Las Vegas SUN
Today: February 05, 2003 at 9:31:43 PST
Spread of bird disease believed stopped
By Ed Koch
LAS VEGAS SUN
Authorities believe they have made considerable progress in their efforts to control exotic Newcastle disease in Clark and Nye counties.
Many birds once again can be sold in Las Vegas pet shops, and no cases of the highly contagious and incurable avian disease have been found in Las Vegas in more than a week, officials said Tuesday.
But that doesn't mean the outbreak is over in the region, they cautioned. Arizona was added Tuesday to the list of states where the disease has been confirmed. And authorities are warning that the costs of the eradication effort -- already in the tens of millions of dollars -- are continuing to climb.
Through Tuesday, the cost of the eradication program in Nevada alone has reached $1.4 million, officials said. The effort has involved 100 sites and the killing of about 1,670 birds whose owners were compensated.
Those numbers pale in comparison to those of California, however, where about 2 million birds, mainly chickens, have been destroyed in six counties the last four months at a cost of $26 million, said Nolan Lemon, spokesman for the Exotic Newcastle Disease Task Force.
The eradication effort in California has included backyard birds as well as commercial flocks. California has a $3 billion-a-year poultry products industry.
An exotic Newcastle disease outbreak in the early 1970s cost the U.S. government $56 million. In today's money that would amount to $202 million, said David Thain, a Nevada Department of Agriculture veterinarian. The current efforts could wind up being just as costly before they are finished, he said.
If more cases of infected poultry are discovered in Nevada, the euthanization and cleanup efforts will resume. In the meantime, a quarantine remains in effect for chickens, geese, ducks, doves, pigeons, swans, turkeys, peafowl, quail, emus and ostriches. Those types of birds cannot be sold or moved.
The Nevada Department of Agriculture announced Tuesday, however, that it was easing restrictions on pet shops and avian specialty stores. The stores had been forbidden from selling any birds since Jan. 17, after an outbreak of the disease was discovered in chickens in northeast Las Vegas near Nellis Air Force Base.
As of Tuesday, the valley's seven bird stores and other pet shops were able to resume selling parakeets, parrots, cockatiels and other birds commonly kept in indoor cages. The birds can be sold under certain conditions as long as they are healthy and as long as there is a record of who purchased the birds, authorities said.
"We are continuing surveillance, but businesses that sign an agreement will be permitted to get back into play," Thain said. "We have determined there is a minimal risk of spreading exotic Newcastle disease from commercial pet stores."
That was welcome news for area pet stores.
"It has been devastating for us," said Mary Riley, owner of Bahnna Bird Farm at 1235 N. Nellis Blvd., which does not deal in barnyard birds and has not been allowed to sell domestic birds -- its lifeblood -- for 2 1/2 weeks.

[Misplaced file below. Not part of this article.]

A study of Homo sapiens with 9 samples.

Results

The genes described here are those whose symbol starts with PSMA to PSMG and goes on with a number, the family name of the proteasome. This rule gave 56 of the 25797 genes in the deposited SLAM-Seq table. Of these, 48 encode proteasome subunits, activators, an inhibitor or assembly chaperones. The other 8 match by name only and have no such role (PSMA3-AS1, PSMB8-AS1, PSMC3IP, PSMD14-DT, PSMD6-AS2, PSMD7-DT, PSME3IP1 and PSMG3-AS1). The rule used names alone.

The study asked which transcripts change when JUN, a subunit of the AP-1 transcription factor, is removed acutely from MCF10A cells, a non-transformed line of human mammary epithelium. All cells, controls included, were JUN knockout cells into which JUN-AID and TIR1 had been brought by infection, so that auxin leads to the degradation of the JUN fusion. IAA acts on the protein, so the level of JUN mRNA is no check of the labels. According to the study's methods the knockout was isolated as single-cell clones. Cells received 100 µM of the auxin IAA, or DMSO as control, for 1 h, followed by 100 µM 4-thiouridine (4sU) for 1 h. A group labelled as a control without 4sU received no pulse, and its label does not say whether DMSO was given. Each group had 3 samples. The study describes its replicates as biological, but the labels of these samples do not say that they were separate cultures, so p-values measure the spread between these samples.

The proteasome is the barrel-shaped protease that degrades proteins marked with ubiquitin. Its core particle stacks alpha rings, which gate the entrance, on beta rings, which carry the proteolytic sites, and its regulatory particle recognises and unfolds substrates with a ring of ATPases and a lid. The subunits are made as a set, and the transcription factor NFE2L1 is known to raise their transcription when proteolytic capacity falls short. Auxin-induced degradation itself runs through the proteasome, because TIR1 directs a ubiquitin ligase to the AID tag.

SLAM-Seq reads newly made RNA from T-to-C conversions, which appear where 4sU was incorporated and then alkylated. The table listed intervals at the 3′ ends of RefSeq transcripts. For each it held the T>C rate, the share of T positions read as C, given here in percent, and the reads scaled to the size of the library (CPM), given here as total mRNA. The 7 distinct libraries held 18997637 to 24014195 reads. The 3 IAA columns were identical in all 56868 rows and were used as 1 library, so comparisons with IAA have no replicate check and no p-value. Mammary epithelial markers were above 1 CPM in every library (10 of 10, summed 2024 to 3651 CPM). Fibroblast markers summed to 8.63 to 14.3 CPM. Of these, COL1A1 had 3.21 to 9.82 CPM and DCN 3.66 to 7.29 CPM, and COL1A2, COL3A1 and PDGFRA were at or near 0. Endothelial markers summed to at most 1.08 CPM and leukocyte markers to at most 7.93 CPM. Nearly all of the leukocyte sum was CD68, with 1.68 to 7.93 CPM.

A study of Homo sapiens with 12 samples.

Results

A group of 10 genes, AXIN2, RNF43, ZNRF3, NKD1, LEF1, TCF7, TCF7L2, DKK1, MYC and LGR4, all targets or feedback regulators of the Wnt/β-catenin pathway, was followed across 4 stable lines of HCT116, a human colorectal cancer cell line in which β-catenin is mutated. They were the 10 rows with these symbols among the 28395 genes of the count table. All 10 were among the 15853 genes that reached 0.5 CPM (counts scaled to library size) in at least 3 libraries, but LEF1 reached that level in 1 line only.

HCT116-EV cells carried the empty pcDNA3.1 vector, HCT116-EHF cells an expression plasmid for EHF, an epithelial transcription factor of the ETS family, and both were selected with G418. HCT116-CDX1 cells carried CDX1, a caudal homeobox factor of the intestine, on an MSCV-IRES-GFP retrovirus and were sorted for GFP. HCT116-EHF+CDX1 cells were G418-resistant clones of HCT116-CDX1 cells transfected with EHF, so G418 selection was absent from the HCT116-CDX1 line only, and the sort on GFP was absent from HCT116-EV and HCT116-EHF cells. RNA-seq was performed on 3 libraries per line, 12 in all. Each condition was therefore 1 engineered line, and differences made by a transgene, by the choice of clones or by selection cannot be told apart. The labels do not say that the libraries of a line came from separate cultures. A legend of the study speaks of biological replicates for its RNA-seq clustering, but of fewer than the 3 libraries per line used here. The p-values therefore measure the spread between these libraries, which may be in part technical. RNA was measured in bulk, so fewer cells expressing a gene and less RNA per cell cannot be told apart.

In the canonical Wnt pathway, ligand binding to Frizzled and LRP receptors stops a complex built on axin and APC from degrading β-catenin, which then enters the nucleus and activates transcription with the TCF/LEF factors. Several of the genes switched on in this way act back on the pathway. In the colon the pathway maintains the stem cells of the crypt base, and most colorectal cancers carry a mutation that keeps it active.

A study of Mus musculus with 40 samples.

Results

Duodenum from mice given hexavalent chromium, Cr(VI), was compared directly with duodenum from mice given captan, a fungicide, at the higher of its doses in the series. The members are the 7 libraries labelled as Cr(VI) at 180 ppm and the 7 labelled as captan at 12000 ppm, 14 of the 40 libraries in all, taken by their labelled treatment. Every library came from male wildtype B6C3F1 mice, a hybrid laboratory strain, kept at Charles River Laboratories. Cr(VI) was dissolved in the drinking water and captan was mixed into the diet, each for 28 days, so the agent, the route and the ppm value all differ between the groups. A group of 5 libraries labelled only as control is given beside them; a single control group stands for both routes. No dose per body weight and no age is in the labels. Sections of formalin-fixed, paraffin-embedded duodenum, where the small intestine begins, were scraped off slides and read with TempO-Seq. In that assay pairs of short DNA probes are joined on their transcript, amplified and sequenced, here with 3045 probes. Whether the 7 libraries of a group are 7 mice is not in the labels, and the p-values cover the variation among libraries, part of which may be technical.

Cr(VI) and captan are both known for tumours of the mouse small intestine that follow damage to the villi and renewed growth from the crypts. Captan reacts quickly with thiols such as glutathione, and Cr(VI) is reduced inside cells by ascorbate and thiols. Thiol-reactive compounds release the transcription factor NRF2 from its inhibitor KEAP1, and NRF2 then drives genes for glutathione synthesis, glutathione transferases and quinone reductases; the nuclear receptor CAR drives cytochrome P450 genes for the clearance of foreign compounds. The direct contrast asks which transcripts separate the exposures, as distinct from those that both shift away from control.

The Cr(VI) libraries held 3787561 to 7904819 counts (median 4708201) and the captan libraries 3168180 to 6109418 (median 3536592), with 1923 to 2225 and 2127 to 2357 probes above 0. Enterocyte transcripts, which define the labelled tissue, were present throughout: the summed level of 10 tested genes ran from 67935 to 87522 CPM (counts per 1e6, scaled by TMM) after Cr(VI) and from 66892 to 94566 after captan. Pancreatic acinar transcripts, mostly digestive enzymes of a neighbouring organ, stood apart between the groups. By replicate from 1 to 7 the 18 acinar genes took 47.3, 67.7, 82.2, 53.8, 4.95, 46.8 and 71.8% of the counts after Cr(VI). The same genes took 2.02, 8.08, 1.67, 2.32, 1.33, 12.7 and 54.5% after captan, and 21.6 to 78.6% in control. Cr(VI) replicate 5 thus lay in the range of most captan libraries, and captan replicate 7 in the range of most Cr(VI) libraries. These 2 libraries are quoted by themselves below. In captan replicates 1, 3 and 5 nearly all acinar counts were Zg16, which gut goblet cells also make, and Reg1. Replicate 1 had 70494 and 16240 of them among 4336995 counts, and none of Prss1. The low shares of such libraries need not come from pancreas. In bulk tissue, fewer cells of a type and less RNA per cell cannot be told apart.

"Some of our regular customers have bought extra supplies to help us out. We'll survive. This is a good season for us because traditionally people have spent part of their tax refund checks to buy birds."
Riley said, however, that because of publicity generated by the outbreak, there is a general fear of birds. Health officials say the disease poses no health threat to humans. Riley has more than 500 birds in stock that range in price from $8 to $2,500, that state officials have said are not infected, she said.
The eradication of Exotic Newcastle disease on Southern Nevada has centered on an area bound by Owens Avenue to the south, Marion Street to the east, Cheyenne Avenue to the north and Wilkins Street to the west.
Necropsies recently conducted on 60 birds from that area -- owned by Jill Duncan, the most vocal critic of the eradication process -- found no signs of disease.
Thain said lab tests of a sampling of Duncan's birds to conclusively determine whether they had the disease will take about two weeks.
Duncan contended that all of the birds should have been tested first in order to spare healthy ones, but authorities obtained a court order to euthanize her birds Saturday.
Thain said the 215 federal and state agents who are conducting the eradication process have no choice but to destroy all birds -- healthy or otherwise -- in the infected area.
"We had to look at the one-kilometer area around the (original infected) site to address all potential exposure," Thain said. "In that process, normal, healthy birds are destroyed to ensure that the disease does not get out of the area, so we can save the larger population of healthy birds."
Thain said to date seven sites have been found to be infected, but he would not disclose those locations, citing confidentiality laws. All sites where birds were killed were cleaned and disinfected to stem the potential spread of the disease.
Officials have repeatedly assured the public that the disease is not a health risk for people, only birds.